A dear friend once told me that he could tell the difference between the last day of August and the first day of September without ever consulting a calendar. Autumn, he said, was in the air once the ninth month arrived. Perhaps you’ve heard those comments too. The mornings are a bit brisk, the sun sets a few minutes earlier, and the leaves begin to change colors. And take your lawn mower to the backyard and you’ll find patches of tough, stubborn “fall grass.” So, I believe my friend is correct. Once September arrives, autumn is in the air. A new season has arrived; the cycle begins again. Isn’t it funny?
In the early 1960s, Willie Nelson wrote a new song, and later recorded it, entitled, Funny How Time Slips Away. The lyrics describe in detail the results of a broader topic, namely the fact that time passes quickly without our realization. The days of the week, the weeks of the month, and the months of a year can pass with only the seeming blink of an eye and we can easily question where the time has gone. We look around for the familiar places we’ve known from so many years before. Most times, they’re only a distant memory, but sometimes we still find them. And as Willie Nelson so candidly put it, “Ain’t it funny…?”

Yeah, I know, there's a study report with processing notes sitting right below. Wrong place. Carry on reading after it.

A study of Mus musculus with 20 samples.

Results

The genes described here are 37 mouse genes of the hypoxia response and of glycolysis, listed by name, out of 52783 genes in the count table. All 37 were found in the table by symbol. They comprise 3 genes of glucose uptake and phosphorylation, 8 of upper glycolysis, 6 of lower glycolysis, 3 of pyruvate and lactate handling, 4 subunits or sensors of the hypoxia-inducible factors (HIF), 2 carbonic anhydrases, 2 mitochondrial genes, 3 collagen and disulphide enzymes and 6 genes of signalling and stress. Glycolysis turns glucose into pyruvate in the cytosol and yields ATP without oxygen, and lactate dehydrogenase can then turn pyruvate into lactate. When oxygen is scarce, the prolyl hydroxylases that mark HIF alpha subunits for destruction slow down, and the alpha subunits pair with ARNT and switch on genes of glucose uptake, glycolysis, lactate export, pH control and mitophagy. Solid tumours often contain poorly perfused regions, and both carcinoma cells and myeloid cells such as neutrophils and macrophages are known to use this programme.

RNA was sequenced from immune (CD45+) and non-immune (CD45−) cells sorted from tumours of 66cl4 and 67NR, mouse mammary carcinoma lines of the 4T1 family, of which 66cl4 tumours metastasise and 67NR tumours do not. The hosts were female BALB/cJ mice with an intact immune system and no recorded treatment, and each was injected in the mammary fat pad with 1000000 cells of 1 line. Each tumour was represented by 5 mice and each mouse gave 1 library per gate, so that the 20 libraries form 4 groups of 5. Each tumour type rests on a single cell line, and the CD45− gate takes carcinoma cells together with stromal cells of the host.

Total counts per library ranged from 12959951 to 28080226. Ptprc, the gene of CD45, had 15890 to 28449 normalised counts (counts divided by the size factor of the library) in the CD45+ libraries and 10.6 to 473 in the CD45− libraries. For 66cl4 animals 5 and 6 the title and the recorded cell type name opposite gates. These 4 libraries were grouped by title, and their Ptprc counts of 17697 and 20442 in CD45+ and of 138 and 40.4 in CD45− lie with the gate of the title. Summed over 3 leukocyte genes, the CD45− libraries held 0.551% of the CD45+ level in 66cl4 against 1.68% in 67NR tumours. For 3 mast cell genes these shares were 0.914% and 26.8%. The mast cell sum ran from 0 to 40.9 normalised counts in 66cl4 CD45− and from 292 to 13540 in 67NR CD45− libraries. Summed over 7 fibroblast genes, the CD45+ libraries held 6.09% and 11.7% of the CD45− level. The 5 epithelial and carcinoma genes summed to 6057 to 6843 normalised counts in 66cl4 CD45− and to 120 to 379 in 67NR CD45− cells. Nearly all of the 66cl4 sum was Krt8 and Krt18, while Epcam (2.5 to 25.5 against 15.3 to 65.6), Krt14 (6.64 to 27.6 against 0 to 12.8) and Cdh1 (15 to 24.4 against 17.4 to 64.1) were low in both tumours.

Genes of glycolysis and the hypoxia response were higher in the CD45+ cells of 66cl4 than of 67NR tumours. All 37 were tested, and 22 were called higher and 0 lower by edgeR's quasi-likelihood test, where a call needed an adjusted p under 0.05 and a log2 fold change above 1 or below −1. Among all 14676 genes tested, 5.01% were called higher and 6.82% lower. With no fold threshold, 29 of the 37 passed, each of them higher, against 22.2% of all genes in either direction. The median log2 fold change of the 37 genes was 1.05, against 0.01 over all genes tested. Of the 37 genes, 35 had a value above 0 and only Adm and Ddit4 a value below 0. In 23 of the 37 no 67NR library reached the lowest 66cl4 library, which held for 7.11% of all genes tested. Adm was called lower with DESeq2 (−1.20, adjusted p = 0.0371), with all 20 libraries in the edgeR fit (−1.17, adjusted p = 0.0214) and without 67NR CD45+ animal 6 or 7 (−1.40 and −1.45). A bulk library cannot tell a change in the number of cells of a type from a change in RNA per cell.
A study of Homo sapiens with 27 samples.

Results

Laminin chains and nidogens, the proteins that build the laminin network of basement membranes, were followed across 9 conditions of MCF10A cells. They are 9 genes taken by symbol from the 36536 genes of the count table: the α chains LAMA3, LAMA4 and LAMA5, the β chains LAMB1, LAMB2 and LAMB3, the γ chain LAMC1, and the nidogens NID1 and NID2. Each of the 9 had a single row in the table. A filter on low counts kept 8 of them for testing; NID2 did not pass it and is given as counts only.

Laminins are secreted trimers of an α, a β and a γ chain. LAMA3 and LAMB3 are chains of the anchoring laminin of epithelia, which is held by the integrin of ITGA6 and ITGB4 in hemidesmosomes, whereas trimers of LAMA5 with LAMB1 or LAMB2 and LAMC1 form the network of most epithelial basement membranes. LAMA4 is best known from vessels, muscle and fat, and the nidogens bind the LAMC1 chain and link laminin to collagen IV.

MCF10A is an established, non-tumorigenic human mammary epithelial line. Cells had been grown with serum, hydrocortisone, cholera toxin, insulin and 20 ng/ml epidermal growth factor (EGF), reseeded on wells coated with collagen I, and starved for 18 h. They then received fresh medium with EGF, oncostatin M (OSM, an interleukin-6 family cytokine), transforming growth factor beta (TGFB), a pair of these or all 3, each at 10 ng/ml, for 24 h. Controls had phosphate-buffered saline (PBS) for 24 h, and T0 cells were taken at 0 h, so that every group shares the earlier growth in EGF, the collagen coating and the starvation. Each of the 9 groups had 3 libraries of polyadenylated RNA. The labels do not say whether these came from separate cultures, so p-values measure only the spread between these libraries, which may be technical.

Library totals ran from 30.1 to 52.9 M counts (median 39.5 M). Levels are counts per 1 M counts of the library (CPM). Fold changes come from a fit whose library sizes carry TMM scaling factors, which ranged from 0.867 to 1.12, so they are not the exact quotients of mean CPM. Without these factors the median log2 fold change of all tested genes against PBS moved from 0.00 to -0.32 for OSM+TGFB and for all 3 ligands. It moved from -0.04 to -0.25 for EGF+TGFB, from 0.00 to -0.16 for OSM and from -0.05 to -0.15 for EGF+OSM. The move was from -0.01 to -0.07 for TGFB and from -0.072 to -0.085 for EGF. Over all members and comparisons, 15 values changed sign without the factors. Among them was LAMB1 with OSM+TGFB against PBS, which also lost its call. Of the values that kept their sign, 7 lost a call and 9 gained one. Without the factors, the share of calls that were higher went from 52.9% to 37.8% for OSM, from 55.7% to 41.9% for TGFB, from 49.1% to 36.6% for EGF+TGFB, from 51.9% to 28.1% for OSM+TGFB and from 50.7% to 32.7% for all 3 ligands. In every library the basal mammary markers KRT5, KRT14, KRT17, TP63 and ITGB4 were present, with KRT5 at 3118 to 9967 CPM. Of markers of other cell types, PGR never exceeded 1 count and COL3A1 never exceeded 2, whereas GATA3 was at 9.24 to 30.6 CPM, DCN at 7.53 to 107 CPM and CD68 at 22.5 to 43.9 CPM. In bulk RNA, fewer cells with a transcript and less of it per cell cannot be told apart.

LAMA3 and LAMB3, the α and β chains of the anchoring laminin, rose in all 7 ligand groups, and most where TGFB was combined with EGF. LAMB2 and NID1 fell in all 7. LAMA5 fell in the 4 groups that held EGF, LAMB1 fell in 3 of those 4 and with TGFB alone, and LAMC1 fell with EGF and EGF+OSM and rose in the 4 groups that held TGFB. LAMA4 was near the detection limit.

My wife and I recently spent a weekend with friends of ours we made in college. We’ve remained in touch and though we now live over a hundred miles away from each other, we make it a point to visit throughout the year as often as we can. Though we’ve been friends for many years, it wasn’t until fairly recently that we learned that my grandparents and my friend’s grandparents were also the closest of friends nearly 50 years ago. Like the cycle of the seasons, and the changing of times, it seems that particular friendship has come full-circle as well. Isn’t it funny?
Seasons change, time passes, and generations come and go. Those seasons and decades and generations can be filled with what seem at the time to be the most inconsequential of places, events, and people that later return to our lives and become monumental to our story. Some people call that fate and some call it coincidence. But regardless of the term you prefer, if you pay close attention, you’ll see it exists.
I hope next year when August becomes September, you’ll remember a word or two from today and realize the cycle of seasons has come back around. I hope when you hear Willie Nelson on the radio, you’ll remember an earlier place or time that still has meaning for you year after passing year. And most importantly, I hope when you meet those friends and family, neighbors and mere acquaintances you haven’t seen for so very long, you’ll recall their importance in your life and how your paths uniquely continue to cross. Perhaps you’ll consider all those things and say to yourself, “Hmm. Isn’t it funny?”